In daily oncology practice, clinicians constantly weigh the expected benefit of treatment against exposure to possible treatment-related adverse events (AEs).1 Especially in patients with advanced disease, for whom the survival benefit of (systemic) treatments may be limited, the number and extent of AEs and their impact on patient quality of life (QoL) are important.2 Providing a representative overview of treatment-related AEs is essential for patients to make an informed decision to undergo treatment.3,4
Currently, the main source of information on toxicity in randomized controlled trials (RCTs) is a clinician-based assessment of AEs during clinic visits using the NCI Common Terminology Criteria for Adverse Events (CTCAE).5,6 However, this may be suboptimal, because the reporting of AEs in RCTs is primarily focused on high-grade AEs (grades 3–4), whereas the lower-grade AEs are not always incorporated.7 Although a description of high-grade toxicities is important and relevant to determine drug safety, patient QoL is also likely to be influenced by the often daily (re)occurring, longer-lasting grade 1 or 2 AEs throughout therapy, because these determine drug tolerability. We recently studied the burden of cumulative toxicity in patients with colorectal cancer (CRC) and found that cumulative toxicity scores comprising all-grade AEs were associated with patients' physical QoL, whereas the total score of high-grade AEs was not.8 The cumulative toxicity scores reported in our study were based on clinician-reported AEs, whereas the accuracy of assessment and reporting of AEs by clinicians has been recently questioned.8 Symptomatic AEs associated with anticancer treatments seem to be underreported by clinicians and when data are prospectively collected within RCTs.9,10 Patient-reported outcomes to assess AEs may provide an alternative measure for patients' treatment experiences.11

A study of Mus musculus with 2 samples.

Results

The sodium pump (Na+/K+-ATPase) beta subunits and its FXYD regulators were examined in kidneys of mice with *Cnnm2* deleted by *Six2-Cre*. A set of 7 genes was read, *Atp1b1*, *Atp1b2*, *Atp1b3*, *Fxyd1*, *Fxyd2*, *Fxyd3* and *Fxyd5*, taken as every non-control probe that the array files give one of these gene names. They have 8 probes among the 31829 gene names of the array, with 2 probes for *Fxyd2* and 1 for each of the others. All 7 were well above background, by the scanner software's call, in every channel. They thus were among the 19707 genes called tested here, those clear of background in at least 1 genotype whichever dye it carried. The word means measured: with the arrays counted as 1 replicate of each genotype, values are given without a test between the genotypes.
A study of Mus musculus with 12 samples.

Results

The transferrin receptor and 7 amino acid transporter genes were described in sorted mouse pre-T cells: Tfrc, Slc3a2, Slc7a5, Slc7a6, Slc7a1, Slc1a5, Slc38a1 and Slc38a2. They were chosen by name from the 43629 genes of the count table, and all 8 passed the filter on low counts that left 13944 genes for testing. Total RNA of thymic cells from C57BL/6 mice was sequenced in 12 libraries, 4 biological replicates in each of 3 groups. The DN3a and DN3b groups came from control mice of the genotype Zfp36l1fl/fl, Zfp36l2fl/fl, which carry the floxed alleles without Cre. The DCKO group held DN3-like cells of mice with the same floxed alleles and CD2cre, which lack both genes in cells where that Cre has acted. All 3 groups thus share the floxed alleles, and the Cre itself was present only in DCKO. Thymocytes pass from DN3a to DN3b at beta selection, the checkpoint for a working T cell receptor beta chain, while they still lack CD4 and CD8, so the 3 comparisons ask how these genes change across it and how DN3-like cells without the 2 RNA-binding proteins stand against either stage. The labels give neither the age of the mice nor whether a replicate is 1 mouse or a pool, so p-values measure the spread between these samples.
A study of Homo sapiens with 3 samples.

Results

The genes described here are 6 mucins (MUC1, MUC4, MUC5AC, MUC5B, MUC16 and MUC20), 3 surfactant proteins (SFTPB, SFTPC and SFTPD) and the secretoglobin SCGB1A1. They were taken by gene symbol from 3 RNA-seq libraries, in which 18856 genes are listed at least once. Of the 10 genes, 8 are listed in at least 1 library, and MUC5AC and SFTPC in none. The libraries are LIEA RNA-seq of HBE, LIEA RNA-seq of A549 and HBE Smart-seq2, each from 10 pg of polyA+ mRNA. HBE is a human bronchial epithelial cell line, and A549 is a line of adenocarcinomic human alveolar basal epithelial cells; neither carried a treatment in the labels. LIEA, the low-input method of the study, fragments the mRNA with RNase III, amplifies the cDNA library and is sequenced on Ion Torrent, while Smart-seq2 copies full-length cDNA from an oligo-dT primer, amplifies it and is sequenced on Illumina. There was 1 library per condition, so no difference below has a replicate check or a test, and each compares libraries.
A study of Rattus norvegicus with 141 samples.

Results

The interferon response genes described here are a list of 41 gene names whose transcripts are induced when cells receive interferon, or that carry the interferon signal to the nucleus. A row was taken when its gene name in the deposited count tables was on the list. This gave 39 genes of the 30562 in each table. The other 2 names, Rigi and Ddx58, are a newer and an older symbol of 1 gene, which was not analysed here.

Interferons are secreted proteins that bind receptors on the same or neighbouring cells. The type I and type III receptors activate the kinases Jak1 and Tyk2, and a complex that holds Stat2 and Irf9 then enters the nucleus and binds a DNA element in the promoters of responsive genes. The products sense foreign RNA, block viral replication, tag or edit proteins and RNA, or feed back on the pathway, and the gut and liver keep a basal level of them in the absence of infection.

The purpose of this prospective study in patients with metastatic castration-naïve prostate cancer (mCNPC) was to determine whether cumulative toxicity comprising all-grade AEs (grades 1–4) is more associated with QoL than cumulative toxicity comprising high-grade AEs only (grades 3–4), and whether cumulative toxicity reported by patients is more associated with QoL than cumulative toxicity reported by clinicians.
Dr. Verheul has disclosed that he has received grant/research support from Roche, Vitromics Healthcare System, Novartis, Immunovo B.V., and Amgen; nonfinancial support from Pfizer; and honoraria from Boehringer Ingelheim. Dr. Joly has disclosed that she has received grant/research support from Sanofi, and that she has served on the advisory board for Sanofi and Janssen. The remaining authors have disclosed that they have no financial interests, arrangements, affiliations, or commercial interests with the manufacturers of any products discussed in this article or their competitors.
Drs. Dekker and Verheul received a grant from Alpe d'Huzes/Dutch Cancer Society (VU 2011-5279) during the conduct of the study.